The plant-based food sector is really starting to sizzle.
New independent market research reveals more than 30 per cent of Aussies are limiting their consumption of conventional meat - driven by an increased awareness about the impacts of their food choices.
Whether it's for health reasons, animal rights or climate change, the tide appears to be turning for meat-loving Aussies, as the demand for meat free alternatives grows.
Restaurants and supermarkets are adapting to shifting consumer preferences with more vegetarian and vegan-friendly options on the menu and in the aisles than ever before.
Plant-based products are even extending into sectors that are traditionally dominated by meat.
Last week, fast food outlet Hungry Jacks launched a completely meat free burger, the Rebel Whopper, to provide for a new set of customers.
The burger patty was developed by the company working with the CSIRO and plant-based meat start-up v2food and is promoted as having zero per cent beef but 100 per cent taste.
Earlier this year, burger joint Grill'd launched their Beyond Burger range with four new options on the menu, all free from beef.
With all the elements of a juicy burger, the Beyond Meat patties are made from plants but taste like meat.
It's an option the company hopes to continue providing - pushing for 50 per cent of the Grill'd menu to be plant-based by 2020.
As the vegan movement gains popularity and the demand for plant-based products grows, the alternative protein market is on the cusp of expansion as a major future industry.
Australian alternative protein think tank Food Frontiers released a report in September that predicted the sector could contribute up to $3 billion to the country's economy, and generate thousands of full-time jobs, by 2030.
The first analysis of its kind, Meat The Alternative: Australia's $3 Billion Opportunity found that Australia's plant-based meat sector currently generates almost $30 million in economic value, $150 million a year in consumer expenditure and supports 265 jobs.
Within the next decade, this is projected to grow to generate $1.1 billion in economic value, almost $3 billion in consumer expenditure, and employ more than 6000 full-time workers.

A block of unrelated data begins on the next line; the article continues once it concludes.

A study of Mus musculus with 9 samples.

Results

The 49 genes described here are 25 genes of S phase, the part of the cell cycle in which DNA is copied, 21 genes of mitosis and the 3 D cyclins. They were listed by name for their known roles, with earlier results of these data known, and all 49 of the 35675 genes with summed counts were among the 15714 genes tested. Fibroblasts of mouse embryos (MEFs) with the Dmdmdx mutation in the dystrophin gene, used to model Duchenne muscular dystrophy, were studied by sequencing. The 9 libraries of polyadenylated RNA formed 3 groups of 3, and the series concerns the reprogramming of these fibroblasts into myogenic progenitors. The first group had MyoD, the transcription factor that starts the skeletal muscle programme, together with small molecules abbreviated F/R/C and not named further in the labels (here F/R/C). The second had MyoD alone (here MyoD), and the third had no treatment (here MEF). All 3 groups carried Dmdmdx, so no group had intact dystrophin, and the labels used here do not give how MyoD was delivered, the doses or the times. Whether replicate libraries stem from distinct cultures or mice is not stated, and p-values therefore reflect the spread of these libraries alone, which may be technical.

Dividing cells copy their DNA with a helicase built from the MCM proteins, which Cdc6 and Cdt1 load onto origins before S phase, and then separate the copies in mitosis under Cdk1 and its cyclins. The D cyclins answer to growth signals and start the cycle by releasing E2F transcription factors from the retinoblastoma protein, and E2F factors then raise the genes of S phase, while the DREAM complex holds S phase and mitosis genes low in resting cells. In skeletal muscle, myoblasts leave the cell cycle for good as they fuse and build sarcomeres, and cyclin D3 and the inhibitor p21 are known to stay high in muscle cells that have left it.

Western Australia stands to gain seven per cent of predicted manufacturing and jobs
Food Frontier chief executive Thomas King said the emerging sector would complement the current state of Australian agriculture.
"This research demonstrates overwhelmingly strong growth prospects for Australia's plant-based meat sector over the next decade," he said.
"It comes off the back of a wave of new plant-based meat products, enabled by advances in food science and culinary creativity, that aim to mimic the sensory experience of eating conventional meat with fewer environmental and health impacts.
"Put simply, we're facing a multi-billion-dollar opportunity for Australia to become a global plant-protein powerhouse, and the great news is we already have the intellectual and infrastructure assets to seize it."
New, independent market research developed for Food Frontier revealed 67 per cent of Australians had not yet tried plant-based meat products, while 32 per cent were limiting their consumption of traditional meat.
It also found there are more than 100 plant-based meat products from 21 brands are currently stocked in major Australian supermarkets with a number of new products from food producers still expected to launch later this year.
Mr King said the rise in consumer interest was already driving greater availability and variety of vegetarian and vegan friendly options.
"More and more Aussies are discovering that plant-based meats mean enjoying their favourite meals, from sausages to meatballs, while having a lighter impact on their health and the planet," he said.
"The economic evidence is in, and Aussies are voting with their wallets. With the right political and economic will, Australia can fulfil its potential to build a globally competitive, multi-billion-dollar industry.
"Support from government and investment by business is urgently needed to drive nationwide job growth and the economic benefits projected over the next decade, ensuring a robust and competitive plant-based meat industry into the future.
"Australia needs to act quickly to stake its claim in the global plant-based meat sector or risk being left behind by its competitors."